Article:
President Bush's wristwatch goes missing in friendly Albanian crowd
Update: NBC video shows watch not stolen
Tuesday night NBC News featured a video which showed the president, from behind, as he appears to slip off his watch, and put in his pocket, as the White House had claimed happened.
Video of the NBC News report can be found at this link.
Although President Bush was met by chilly welcomes and even riots in most countries on his recent trip to Europe, he received a "hero's welcome" in the small Balkan nation of Albania, which for many decades was ruled by an oppressive Stalinist dictatorship.
However, as reported by the Times Online, one of those friendly Albanians may have been more interested in reaching out to touch the president's watch than to welcome Bush.
Video footage from Albanian television, widely distributed on YouTube, shows a watch clearly visible on Bush's wrist as he greets the crowd. But about a minute in, his arms are grasped by a sea of hands -- and when he waves again after that, the watch is gone.
According to the Times, "A White House spokeswoman denied today that that the President had been robbed. ... Instead the spokeswoman said that Mr Bush had removed it himself. 'He took it off,' she said. When challenged that this did not seem to happen during the footage shown on YouTube, the spokeswoman said: 'I'm not going to change what I'm saying.'"
Later today, at the White House press briefing, spokesman Tony Snow said that "the president put [the watch] in his pocket, and it returned safely home."
One journalist asked if there was concerns on whether or not the president was ever in danger when meeting the crowd: "I'm not questioning the passions or the euphoria. The president's head was in a guy's arms. And it looked like if it was the wrong guy, then you could have had a problem."
"Well, you know what?" said Snow. "If there was a problem, Secret Service would have dealt with it. Trust me."
Snow was mockingly asked, "Will we get that kind of stuff on the Hill today?"
"A little noogie action!" Snow joked back.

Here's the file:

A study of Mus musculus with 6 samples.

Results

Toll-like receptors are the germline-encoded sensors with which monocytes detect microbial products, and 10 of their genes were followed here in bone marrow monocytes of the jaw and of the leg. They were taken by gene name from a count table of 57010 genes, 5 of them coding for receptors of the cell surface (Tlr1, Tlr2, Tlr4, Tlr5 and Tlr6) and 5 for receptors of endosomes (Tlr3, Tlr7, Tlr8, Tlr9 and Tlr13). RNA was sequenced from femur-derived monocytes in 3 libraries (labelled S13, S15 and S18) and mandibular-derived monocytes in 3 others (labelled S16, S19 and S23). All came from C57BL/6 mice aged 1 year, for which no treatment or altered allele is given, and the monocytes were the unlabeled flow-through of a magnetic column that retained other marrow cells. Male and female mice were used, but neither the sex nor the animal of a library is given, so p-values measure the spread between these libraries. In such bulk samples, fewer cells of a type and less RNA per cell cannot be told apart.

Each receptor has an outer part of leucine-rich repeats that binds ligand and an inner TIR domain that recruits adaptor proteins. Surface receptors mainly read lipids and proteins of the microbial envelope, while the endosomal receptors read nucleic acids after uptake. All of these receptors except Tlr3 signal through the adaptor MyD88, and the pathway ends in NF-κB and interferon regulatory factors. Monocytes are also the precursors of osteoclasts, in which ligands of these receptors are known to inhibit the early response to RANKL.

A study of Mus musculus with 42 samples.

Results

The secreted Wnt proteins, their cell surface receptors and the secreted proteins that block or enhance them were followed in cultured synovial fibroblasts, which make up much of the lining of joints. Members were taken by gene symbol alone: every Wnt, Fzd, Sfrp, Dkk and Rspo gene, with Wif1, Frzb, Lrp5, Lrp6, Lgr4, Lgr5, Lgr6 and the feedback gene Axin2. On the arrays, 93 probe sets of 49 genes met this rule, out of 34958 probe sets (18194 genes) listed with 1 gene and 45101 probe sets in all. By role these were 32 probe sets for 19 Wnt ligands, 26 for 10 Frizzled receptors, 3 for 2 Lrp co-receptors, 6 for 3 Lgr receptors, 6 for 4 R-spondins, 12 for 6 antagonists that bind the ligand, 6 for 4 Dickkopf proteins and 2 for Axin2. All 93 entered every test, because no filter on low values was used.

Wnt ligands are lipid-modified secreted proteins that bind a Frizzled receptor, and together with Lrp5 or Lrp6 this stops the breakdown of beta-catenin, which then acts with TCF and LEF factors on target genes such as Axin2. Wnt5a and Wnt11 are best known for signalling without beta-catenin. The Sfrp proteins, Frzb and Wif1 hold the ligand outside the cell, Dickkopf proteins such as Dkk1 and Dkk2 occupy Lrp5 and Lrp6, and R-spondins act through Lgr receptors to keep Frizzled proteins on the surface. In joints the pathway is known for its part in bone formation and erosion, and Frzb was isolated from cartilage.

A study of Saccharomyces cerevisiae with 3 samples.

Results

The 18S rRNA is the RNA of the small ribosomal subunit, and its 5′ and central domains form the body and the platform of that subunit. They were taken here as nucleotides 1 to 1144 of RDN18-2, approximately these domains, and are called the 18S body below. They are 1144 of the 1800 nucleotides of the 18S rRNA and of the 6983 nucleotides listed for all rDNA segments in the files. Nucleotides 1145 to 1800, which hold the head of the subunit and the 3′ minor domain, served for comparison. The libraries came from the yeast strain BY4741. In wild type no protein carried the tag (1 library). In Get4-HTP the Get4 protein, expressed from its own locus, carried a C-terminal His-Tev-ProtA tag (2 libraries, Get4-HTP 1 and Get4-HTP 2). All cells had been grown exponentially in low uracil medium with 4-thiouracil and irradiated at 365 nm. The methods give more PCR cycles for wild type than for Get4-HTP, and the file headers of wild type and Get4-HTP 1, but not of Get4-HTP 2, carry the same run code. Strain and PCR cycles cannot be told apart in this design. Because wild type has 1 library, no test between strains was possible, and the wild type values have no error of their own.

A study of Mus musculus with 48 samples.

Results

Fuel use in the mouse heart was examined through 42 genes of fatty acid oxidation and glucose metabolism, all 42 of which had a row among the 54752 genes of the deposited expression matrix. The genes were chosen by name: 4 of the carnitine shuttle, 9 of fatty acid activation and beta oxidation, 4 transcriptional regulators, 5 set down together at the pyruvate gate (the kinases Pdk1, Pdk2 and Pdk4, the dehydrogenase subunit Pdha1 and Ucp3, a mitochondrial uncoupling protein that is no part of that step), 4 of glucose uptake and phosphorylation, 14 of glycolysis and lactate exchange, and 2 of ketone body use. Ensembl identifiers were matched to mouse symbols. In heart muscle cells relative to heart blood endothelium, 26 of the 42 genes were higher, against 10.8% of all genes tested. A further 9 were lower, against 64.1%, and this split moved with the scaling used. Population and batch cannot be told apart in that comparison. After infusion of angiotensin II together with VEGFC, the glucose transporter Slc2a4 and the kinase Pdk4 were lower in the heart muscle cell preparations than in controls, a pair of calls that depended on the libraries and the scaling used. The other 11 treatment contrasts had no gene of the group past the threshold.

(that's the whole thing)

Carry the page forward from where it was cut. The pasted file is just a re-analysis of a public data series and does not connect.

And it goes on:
Excerpts from White House press briefing:
Q Tony, was the president's watch lifted, in Albania, off his wrist?
MR. SNOW: No, it was not. It was placed in his pocket. And I believe your network has actually looked through the tape carefully and has ascertained the same. But no, the president put it in his pocket, and it returned safely home.
Q Tony, can I follow up on that? Was it -- we've seen the pictures in Albania. This is quite a reception. Was the Secret Service -- were all procedures followed? Were you worried at any point that it was getting a little dangerous as he waded through the crowd?
MR. SNOW: I wasn't there, and I have heard -- look, what the president -- it's interesting. So your story is whether we're worried about or concerned about the president's safety. And what you had was an example of what happens when captive nations come free. And they understand the role that the United States has played over the decade, sometimes taking unpopular moves, whether you go back to taking a look at missile deployments in Europe or pursuing a strategic defense initiative at a time when it was unpopular in Europe but in fact became the bulwark for bringing down a communist empire and liberating countries like Albania and Bulgaria, where people are euphoric because we helped make them free.
Q I'm not questioning the passions or the euphoria. The president's head was in a guy's arms. And it looked like if it was the wrong guy, then you could have had a problem.
MR. SNOW: Well, you know what? If there was a problem, Secret Service would have dealt with it. Trust me.
Q Tony, back on immigration --
Q Will we get that kind of stuff on the Hill today? (Laughter.)
MR. SNOW: A little noogie action! (Laughs.)